The idea of setting up a museum in the Bojnice Castle came from its last noble owner, Count Ján Pálffy. In his will dated November 14, 1907, he expressed his wish that the castle be made available to the public and that the works of art remain in their original places for visitors to see.
After the death of Jan Pálffy, his heirs did not respect his last will and contested the will in court. They sold off the valuable collection funds at auctions. Part of the collections managed to be preserved thanks to an agreement between the heirs and the government of Czechoslovakia specifying which collections are not to be the subject of auctions (these became the property of the state).
The castle became open to the general public as soon as 1907. At that time, the only guide was the castellan of the castle, later on, he was replaced by students of high schools and universities.
In 1941, the administration of Bojnice Manor allowed the members of the Upper Nitra Museum Association to place their archeological, ethnographic, ethnological and historical collections in the premises of the castle. They were stored in the premises of the Winter Garden.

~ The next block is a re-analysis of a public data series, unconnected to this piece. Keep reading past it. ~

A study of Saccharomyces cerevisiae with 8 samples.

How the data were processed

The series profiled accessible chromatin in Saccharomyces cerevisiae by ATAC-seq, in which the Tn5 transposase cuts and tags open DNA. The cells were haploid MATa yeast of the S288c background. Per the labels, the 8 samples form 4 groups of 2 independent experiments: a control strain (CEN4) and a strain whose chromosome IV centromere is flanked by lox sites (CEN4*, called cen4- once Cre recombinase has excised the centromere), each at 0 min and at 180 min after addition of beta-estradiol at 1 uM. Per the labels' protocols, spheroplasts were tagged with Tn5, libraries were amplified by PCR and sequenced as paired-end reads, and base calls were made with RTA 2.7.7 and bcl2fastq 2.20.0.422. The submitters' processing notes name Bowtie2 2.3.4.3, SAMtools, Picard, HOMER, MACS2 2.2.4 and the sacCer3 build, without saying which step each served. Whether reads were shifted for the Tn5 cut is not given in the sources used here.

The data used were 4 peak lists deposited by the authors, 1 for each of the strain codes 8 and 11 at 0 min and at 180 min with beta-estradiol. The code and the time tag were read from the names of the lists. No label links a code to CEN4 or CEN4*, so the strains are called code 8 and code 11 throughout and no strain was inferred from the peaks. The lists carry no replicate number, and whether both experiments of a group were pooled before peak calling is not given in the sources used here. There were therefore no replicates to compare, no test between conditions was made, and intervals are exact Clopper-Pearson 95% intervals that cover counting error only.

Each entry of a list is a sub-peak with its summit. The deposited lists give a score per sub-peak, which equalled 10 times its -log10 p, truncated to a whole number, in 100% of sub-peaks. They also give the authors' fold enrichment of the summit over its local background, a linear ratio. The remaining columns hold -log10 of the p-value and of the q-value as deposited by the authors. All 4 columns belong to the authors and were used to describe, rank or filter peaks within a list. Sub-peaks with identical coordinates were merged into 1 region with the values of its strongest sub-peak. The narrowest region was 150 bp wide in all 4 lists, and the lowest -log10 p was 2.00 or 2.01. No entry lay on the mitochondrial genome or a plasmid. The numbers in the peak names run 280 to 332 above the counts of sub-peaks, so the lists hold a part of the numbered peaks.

A major turning point in the castle’s history was the fire that broke out on May 9, 1950. The fire damaged all the castle towers (to a different extent). Following the fire, tours of the castle premises were put on hold, and the Council of the Local National Committee in Bojnice immediately asked the competent authorities to restore the castle. The Council also proposed to establish a museum in the premises of the castle. The Council in Nitra by resolution no. 107/1950 of September 7, 1950, decided on the establishment of the Regional Museum of Local History, based in Bojnice Castle.
The first exhibition in the renovated castle premises took place on September 2, 1951. As a regionally-active institution, the museum was given the role of a methodical and advisory center for museums in the region.
The Bojnice Museum manages an extensive collection fund containing approximately 6,000 collection items.